Reverend Martin Johnson
Genesis 12.1-4a; Psalm 121; Romans 4.1-5, 13-17; John 3.1-17
‘I will make of you a great nation, and I will bless you, and make your name great . . .’
This has recently happened in our family! Susan and I have recently been bestowed with the title ‘Great!’ I am a Great Uncle and Susan a Great Aunt. Given that we have a very large cohort of nieces and nephews, it has taken some time for this happen! I am sure that our family is not alone, whilst the birth has been falling across the developed world for some time, it seems to really picked up pace in these recent generations. There are clearly many reasons for this, but in recent times I have found myself having conversations with different folk that have had a similar thread; in these conversations I have detected a sense of despair - why would you want to bring another generation into this world? These are everyday folk, with close happy families, with much going for them.
Unlike God in Genesis and former Treasurer Peter Costello, I am not going to urge you go forth and procreate. Looking around me, with the greatest respect, I don’t think that’s going to happen for the majority of us—and I include myself in that. The falling birth rate always seems to be spoken in regards ethics and economics; but I wonder if there are more important issues at play. Are those conversations I have been having indicative of a greater problem in our community—a lack of confidence, hope, faith?
Our story begins today with the words ‘Abram went,’ what one writer described as ‘the boldest words in all literature.’ The future was for Abram and later Abraham always seemed to be somewhat obscure, hazy; the scriptures tell us he was responding to God’s promises, despite the facts which would suggest there was little chance of them actually happening. We are told that Abram was already seventy-five when ‘he went’ with the promise that he would become a great nation, and at this stage he had no children!
Paul picks up on this theme and it is the bedrock of his theology. Our heritage is founded on Abram believing that all would be well, that the promises would be fulfilled. But can we do that today? Is it not simply foolishness in the face of overwhelming evidence to believe that all will be well? And what of last week’s journey with Jesus in the wilderness; are we not warned not to put God to the test? I have mentioned before that it is not our personal faith that carries us. For many of us that is far too much. Our faith is often fragile and few of us would be prepared to ‘simply go!’ What then does that mean, what does that say about our being made right with God?
Jesus’ encounter with Nicodemus is classic John. He creates characters for us to engage with; over these coming weeks we will meet three of them. Today Jesus tells Nicodemus that it not all about signs—John calls miracles signs. You can’t base your faith on these things, you must be born anew. And Nicodemus responds as most us would! As indeed most of us do. Nicodemus, along with all of us, is being challenged to see things differently; we are being emboldened.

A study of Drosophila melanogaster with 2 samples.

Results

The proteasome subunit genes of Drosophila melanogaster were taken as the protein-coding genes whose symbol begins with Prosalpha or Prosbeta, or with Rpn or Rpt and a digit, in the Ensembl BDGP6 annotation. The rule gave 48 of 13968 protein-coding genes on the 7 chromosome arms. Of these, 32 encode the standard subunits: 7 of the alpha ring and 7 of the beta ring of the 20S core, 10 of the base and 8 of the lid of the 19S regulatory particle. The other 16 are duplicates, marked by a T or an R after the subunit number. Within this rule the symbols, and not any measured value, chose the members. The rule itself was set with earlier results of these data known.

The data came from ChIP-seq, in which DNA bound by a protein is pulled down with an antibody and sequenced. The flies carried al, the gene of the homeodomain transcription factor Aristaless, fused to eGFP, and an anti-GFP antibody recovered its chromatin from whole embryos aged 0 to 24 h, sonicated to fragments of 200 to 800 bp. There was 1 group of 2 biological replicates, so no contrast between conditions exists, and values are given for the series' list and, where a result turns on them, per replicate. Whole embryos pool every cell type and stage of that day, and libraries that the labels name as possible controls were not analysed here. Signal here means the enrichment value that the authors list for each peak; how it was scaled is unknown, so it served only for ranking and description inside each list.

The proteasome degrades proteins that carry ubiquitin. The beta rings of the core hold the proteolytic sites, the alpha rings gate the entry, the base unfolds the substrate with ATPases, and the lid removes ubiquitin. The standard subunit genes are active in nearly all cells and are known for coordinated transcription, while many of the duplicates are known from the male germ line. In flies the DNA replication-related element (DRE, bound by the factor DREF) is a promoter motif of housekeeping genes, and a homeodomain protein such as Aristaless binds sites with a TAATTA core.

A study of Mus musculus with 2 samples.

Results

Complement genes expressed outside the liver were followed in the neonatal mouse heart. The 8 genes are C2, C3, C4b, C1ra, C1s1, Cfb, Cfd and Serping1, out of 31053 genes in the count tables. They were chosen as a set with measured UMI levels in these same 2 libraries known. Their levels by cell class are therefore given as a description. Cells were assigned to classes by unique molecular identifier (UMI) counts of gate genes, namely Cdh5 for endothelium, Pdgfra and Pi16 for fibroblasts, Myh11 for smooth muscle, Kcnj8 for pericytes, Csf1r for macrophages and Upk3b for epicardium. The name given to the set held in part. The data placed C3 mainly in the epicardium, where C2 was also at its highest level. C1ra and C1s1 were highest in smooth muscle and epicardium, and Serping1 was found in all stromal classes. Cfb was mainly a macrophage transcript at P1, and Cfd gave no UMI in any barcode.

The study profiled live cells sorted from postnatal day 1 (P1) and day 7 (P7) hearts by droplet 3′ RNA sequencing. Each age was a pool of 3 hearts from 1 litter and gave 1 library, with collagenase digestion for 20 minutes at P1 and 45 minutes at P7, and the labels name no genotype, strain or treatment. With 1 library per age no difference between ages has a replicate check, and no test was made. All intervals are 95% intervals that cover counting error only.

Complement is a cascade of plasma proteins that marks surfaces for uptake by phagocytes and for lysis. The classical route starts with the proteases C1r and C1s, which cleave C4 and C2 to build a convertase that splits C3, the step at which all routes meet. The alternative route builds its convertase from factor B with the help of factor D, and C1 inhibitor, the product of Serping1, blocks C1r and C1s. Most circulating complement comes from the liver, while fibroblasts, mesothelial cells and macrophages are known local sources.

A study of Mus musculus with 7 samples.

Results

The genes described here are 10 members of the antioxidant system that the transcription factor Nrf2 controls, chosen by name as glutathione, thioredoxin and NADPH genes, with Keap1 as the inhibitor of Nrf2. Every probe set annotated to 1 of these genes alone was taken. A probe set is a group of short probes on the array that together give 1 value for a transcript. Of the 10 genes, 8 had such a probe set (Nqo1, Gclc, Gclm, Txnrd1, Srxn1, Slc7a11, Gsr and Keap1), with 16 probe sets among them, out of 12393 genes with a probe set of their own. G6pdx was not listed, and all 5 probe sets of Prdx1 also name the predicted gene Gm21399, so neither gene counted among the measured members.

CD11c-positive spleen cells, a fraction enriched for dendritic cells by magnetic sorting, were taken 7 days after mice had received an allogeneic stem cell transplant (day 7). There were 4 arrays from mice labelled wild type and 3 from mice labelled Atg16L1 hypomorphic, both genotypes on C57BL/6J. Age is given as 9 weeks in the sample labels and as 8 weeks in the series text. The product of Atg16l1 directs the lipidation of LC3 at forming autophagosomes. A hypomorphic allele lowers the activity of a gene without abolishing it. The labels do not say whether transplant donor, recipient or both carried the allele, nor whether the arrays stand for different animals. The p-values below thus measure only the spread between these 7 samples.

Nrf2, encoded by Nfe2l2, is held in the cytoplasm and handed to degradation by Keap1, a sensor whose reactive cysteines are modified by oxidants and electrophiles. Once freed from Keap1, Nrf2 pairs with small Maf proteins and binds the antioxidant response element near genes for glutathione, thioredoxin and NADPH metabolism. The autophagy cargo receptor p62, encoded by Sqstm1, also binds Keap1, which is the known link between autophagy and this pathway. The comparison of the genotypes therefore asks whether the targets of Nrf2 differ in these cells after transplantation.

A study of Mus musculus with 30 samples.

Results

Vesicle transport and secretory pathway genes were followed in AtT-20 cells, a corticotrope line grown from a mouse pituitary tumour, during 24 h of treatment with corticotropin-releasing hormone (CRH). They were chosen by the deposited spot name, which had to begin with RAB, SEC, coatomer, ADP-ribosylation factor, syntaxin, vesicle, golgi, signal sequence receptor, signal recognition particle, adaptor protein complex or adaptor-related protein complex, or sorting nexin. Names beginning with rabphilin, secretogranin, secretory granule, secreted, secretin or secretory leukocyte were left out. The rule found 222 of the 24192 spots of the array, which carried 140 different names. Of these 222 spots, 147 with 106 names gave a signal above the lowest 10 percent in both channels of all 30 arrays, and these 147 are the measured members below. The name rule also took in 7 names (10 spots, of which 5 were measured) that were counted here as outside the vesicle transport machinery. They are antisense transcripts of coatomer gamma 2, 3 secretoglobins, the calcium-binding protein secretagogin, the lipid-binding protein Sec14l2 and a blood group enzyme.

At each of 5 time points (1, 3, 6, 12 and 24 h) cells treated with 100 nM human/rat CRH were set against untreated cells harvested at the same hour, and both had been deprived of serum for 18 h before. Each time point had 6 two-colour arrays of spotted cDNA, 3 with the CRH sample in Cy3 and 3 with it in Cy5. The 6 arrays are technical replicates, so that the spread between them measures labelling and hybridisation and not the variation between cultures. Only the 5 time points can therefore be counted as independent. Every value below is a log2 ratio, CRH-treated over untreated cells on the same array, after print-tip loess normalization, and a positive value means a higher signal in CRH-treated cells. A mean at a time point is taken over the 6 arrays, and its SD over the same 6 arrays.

This faith of ours is not about the miraculous—not in the simple way we might understand that. It is also too simplistic to say that I am made right with God simply because of my faith. Our faith is the faith of the Crucified One, and today’s passage recalls the strange event in the Book of Numbers when the people of Israel despaired in the wilderness—just as Moses lifted up the serpent in the wilderness, so must the Son of Man be lifted up.
We are called to look upon the desolation of the cross and know that it is the source of our faith, our healing. We can barely conceive of hope in this way, but this is what we called to do. To have faith with the One Crucified has ramifications beyond our own concerns, sins, or own lack of confidence or hope. It is to know that renewal is possible. This is the message of that most famous passage: ‘For God so loved the world that he gave his only Son, so that everyone who believes in him may not perish but may have eternal life.’ There is a sense that this is not all about my faith or my salvation, but the salvation of the world and this, above all things, is perhaps the cause of much of the despair that we see around us.
Our preparedness, our boldness to live in such a way that reveals a future, is part of our Christian life. For some that might mean having a child, perhaps the most tangible sign of newness. Our children and young people bring a sense of vigour, dynamism. Without bringing them into the world we are indeed living out a self-fulfilling prophecy. For the rest of us it might mean a change in our thinking, about our faith, about our understanding of the environment and our place in it, about our personal finances—ensuring, perhaps, that the next generation have the opportunities that I, and many like me, took for granted.
I confess to regularly finding myself in Nicodemus’s shoes. All too often I ask ‘How can these things be?’ It is redolent of the words of Mary at the annunciation, ‘How can this be?’ We should remember that just as Christ was born of the Spirit, so are we, and that the grace of God is not bound by biology, let alone by our fears, misgivings or doubts.
That same spirit within us calls us on, working alongside the Holy Spirit who can bring life to the most unexpected places of all … as revealed by the cross. Are we prepared to travel to those places, like Abram? This is perhaps our Lenten journey and calling. Amen.